NOTTS Police will be one of the first forces in the country to pilot a scheme giving people the right to know about a partner’s violent past.
The force will adopt the Domestic Violence Disclosure Scheme, also known as ‘Clare’s Law’, allowing people to find out if their partner has previous convictions for domestic violence or other violent acts.
The pilot scheme will be launched this summer.
Supt Helen Chamberlain, head of the force’s Public Protection Department, said tackling domestic abuse is one of the force’s top priorities.
“It’s crucial that the force is at the forefront of any developments in tackling domestic violence and I was keen from the outset that we would be one of the first to test Clare’s Law,” she said.
“Being on the cutting edge of new developments in policing allows us to influence and help shape the process and have an input into how to best protect vulnerable people.”
“A police force’s primary job is to preserve life and keep people safe, and arming people with the information to protect themselves is one of many tactics we will use to do just that.”
Three other forces - Gwent, Greater Manchester and Wiltshire - will also take part in the trial, which will last a year.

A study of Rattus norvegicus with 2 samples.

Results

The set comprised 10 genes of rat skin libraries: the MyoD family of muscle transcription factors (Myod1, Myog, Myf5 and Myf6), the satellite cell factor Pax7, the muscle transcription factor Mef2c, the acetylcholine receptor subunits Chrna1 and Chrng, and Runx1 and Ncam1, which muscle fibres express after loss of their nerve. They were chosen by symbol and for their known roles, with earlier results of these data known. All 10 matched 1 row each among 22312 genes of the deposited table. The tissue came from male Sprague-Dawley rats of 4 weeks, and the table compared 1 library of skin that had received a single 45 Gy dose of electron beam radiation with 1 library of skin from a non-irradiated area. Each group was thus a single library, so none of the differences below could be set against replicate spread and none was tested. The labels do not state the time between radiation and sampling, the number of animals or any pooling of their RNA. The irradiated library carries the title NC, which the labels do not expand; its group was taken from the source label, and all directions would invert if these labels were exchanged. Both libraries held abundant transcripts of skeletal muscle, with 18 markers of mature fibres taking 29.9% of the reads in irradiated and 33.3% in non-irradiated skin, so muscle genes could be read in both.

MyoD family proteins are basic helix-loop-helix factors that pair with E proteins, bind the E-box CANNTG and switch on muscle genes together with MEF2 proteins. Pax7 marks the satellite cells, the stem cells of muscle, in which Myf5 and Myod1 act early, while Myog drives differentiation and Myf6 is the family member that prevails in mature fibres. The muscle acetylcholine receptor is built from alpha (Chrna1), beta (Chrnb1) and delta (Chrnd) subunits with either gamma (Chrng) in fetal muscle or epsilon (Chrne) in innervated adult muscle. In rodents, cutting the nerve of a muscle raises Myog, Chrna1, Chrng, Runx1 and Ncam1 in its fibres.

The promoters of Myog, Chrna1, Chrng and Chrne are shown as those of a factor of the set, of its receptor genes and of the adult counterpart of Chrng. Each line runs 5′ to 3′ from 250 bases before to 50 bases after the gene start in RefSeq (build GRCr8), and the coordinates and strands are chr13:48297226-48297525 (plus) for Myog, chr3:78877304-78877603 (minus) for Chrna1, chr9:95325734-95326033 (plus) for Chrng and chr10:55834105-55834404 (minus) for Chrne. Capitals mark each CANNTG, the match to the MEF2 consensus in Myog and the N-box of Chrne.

Campaigners lobbied the Government to implement the scheme following the murder of 36-year-old Salford mum Clare Wood, who was murdered by her estranged partner in 2009.
She suffered months of sexual abuse and death threats before being strangled by George Appleton, who had a history of violence against women.
There have also been a number of tragic deaths in Notts over the last few years that were the result of domestic violence.
This includes 21-year-old Casey Brittle, who was beaten to death by her partner in front of her two-year-old daughter in New Basford in 2010.
Helen Waplington was murdered by her partner in Forest Fields in 2008, while Denise Skilbeck was killed by her partner in Newark in March 2011.
Supt Chamberlain said: “The force has received justified criticism about how it has dealt with domestic abuse in the past.
“We are absolutely determined not to make the same mistakes again and we are committed to using every tactic available to us to protect anyone in an abusive relationship.”
“There may be many people out there who are unaware that their new partner has a violent past.”
She added: “A violent or abusive person might wait months or even years to show their true colours, and by the time it happens the victim is often too frightened to speak out.”
“The scheme will empower the police and potential victims to take early action in preventing violence.”